Senior executives from the UK screen sectors expressed mixed feelings about the TV, film and gaming industries’ return to post-pandemic form at the British Screen Forum’s 2022 conference in London.
One TV executive predicted a looming UK recession could have an even bigger impact on industry trends than Covid.
Andrew Zein, senior vice president creative, format development and sales at Warner Bros International TV Production, said: “I wouldn’t underestimate recession and inflation as being defining factors for the next two or three years. What the TV industry needs is healthy, well-funded buyers willing to get into content, and I think, even more than [during] Covid, we’re going to see that hit a wall in Q4 [2022 fourth quarter] and Q1 [first quarter] next year.”
He noted long-running shows with two or three-year contracts are, for the first time ever, having to write inflation protection schemes into budgets.
The panel was chaired by Screen Scotland executive director Isabel Davis and titled ‘Onwards and upwards? Post-pandemic recovery across the screen sectors’. Also on the panel were Kathryn Jacob, CEO of cinema advertising company Pearl & Dean, Simon Willgoss of documentary production specialists Nutopia and Colin Blackwood of video games publisher Electronic Arts.
Jacob spoke positively about the return to form for theatrical, pointing towards the success of No Time To Die, Spider-Man: No Way Home and Top Gun: Maverick. “Build it, and they will come,” said Jacob. “There is an appetite for film.”
But she acknowledged it can’t just be the tent-pole releases that are keeping box office figures up. “That isn’t sustainable – you need to attract everybody, not just one demographic.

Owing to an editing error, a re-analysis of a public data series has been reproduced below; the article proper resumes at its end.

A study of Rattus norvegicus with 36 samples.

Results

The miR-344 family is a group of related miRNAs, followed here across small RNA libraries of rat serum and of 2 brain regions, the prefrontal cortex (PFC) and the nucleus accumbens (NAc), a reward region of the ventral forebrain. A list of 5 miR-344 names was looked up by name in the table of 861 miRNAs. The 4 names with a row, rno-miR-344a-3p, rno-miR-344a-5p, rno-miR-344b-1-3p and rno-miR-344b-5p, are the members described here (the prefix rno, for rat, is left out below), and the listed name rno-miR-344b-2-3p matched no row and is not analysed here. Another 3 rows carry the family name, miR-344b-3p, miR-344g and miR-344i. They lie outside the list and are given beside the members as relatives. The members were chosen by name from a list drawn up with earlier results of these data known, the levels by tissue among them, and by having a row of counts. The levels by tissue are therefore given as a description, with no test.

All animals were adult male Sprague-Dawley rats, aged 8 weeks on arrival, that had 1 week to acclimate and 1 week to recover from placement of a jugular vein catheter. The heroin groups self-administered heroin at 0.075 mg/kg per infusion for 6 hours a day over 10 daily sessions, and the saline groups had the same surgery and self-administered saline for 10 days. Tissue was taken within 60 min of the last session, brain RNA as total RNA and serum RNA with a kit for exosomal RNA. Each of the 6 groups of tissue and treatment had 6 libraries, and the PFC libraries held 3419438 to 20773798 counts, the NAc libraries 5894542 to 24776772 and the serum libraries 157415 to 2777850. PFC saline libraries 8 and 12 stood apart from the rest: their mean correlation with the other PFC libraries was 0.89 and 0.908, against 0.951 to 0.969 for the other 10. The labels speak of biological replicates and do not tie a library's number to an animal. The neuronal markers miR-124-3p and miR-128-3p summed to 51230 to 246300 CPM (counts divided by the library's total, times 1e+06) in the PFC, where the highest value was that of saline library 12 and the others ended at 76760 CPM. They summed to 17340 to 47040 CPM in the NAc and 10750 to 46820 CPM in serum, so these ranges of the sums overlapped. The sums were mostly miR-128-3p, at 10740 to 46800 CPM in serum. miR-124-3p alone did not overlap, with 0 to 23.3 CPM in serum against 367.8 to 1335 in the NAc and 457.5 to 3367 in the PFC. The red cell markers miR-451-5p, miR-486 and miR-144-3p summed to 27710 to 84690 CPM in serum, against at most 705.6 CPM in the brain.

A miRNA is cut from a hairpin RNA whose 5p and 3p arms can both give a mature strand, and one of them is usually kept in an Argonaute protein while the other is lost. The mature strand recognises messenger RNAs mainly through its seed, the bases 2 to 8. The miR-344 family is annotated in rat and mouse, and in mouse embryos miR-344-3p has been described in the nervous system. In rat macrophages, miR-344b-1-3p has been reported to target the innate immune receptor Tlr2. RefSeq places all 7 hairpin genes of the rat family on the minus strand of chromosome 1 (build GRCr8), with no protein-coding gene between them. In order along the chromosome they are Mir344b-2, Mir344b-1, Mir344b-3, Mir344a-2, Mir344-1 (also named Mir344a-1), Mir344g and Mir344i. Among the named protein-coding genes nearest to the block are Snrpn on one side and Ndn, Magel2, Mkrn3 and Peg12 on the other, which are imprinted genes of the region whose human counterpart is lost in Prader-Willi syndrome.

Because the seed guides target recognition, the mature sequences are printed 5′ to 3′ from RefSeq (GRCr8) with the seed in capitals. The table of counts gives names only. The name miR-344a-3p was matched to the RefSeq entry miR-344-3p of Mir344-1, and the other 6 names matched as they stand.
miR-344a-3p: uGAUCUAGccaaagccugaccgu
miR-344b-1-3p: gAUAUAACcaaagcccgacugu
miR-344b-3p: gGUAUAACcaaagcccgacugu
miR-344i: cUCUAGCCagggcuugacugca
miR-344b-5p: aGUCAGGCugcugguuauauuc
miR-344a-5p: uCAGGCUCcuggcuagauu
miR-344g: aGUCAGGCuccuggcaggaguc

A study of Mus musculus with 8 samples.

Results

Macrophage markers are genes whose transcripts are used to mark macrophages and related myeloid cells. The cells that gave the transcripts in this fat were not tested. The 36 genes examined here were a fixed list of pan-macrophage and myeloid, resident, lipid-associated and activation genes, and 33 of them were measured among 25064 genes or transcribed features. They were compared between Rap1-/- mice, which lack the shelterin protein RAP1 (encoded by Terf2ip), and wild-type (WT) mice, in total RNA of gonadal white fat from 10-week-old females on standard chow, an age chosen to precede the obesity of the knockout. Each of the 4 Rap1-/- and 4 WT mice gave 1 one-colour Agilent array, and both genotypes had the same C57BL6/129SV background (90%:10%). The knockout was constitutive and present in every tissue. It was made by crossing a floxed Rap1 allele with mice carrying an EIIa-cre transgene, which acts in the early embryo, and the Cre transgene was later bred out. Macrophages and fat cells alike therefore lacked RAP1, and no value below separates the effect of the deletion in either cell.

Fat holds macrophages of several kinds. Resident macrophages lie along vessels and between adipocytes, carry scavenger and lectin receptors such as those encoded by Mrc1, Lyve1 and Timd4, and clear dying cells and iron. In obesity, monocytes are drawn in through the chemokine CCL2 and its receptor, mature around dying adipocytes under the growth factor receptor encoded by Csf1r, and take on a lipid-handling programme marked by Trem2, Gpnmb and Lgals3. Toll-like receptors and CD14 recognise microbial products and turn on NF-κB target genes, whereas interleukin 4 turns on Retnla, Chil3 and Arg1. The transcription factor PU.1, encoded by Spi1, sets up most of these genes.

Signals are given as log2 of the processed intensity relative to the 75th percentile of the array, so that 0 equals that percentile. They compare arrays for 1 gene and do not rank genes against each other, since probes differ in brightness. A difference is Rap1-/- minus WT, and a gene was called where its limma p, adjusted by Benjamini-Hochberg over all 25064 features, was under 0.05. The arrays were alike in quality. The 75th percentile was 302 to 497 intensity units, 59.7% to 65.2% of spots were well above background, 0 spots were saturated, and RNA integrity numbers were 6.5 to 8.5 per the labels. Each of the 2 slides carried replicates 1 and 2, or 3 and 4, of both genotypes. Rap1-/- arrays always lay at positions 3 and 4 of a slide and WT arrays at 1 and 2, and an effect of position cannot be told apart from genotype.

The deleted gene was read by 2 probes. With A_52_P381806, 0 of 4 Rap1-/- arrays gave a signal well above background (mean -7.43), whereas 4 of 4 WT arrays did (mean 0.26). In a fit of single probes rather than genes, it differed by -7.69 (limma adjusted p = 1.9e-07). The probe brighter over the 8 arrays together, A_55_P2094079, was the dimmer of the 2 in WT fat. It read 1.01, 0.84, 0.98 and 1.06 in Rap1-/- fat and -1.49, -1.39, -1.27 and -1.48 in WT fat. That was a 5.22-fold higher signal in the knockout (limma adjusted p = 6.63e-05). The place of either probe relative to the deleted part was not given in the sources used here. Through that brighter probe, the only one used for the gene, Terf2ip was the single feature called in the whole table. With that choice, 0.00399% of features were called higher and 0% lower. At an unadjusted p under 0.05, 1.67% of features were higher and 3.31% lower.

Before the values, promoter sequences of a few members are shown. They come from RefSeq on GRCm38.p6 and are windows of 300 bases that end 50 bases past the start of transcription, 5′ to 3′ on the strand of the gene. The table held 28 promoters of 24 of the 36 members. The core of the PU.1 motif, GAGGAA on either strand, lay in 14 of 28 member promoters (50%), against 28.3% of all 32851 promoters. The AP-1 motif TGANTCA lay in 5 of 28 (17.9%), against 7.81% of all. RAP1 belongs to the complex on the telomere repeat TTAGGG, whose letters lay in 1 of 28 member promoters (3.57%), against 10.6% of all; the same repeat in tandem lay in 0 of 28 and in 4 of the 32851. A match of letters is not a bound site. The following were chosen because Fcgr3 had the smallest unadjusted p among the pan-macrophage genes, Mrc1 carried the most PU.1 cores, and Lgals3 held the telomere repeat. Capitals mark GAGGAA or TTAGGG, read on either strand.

“If you look ahead to 2023, there’s far more diversity coming out of the slate,” she added, “not just the big blockbusters and smaller films, but those mid-range films are coming out now and are going to play the role they played before. You’re going to have a much more populated slate, rather than just the big bets because you know Tom Cruise is going to get people into cinemas, or Avengers.”
Referring to last week’s European cinema operator convention, CineEurope, Jacob said: “Every studio that stood up last week, from Disney to Universal, talked about how they were addressing specific audiences, and were not just about their safe bets.”
The skills shortage was another major theme explored during the conference. “This isn’t a UK problem – there’s a talent problem everywhere,” said Davis.
In the wake of this week’s publication of the BFI Skills Review, Ben Roberts, CEO of the British Film Institute (BFI), explored the skills shortage crisis in the independent film sector during his keynote speech. He hinted at the results of the economic review of UK independent film – commissioned by the BFI, produced by UK analyst Alma Economics and due to be released in mid-July – as being “not pretty”.
“The practices of crew being nicked, or moving – obviously the workplace is free to move around and do what it wants – there’s a market dynamic which is off,” said Roberts. “The independent film sector, by and large, has less resources to compete with major production and is suffering as a result, and we can’t let that stand – the independent sector is so vital.”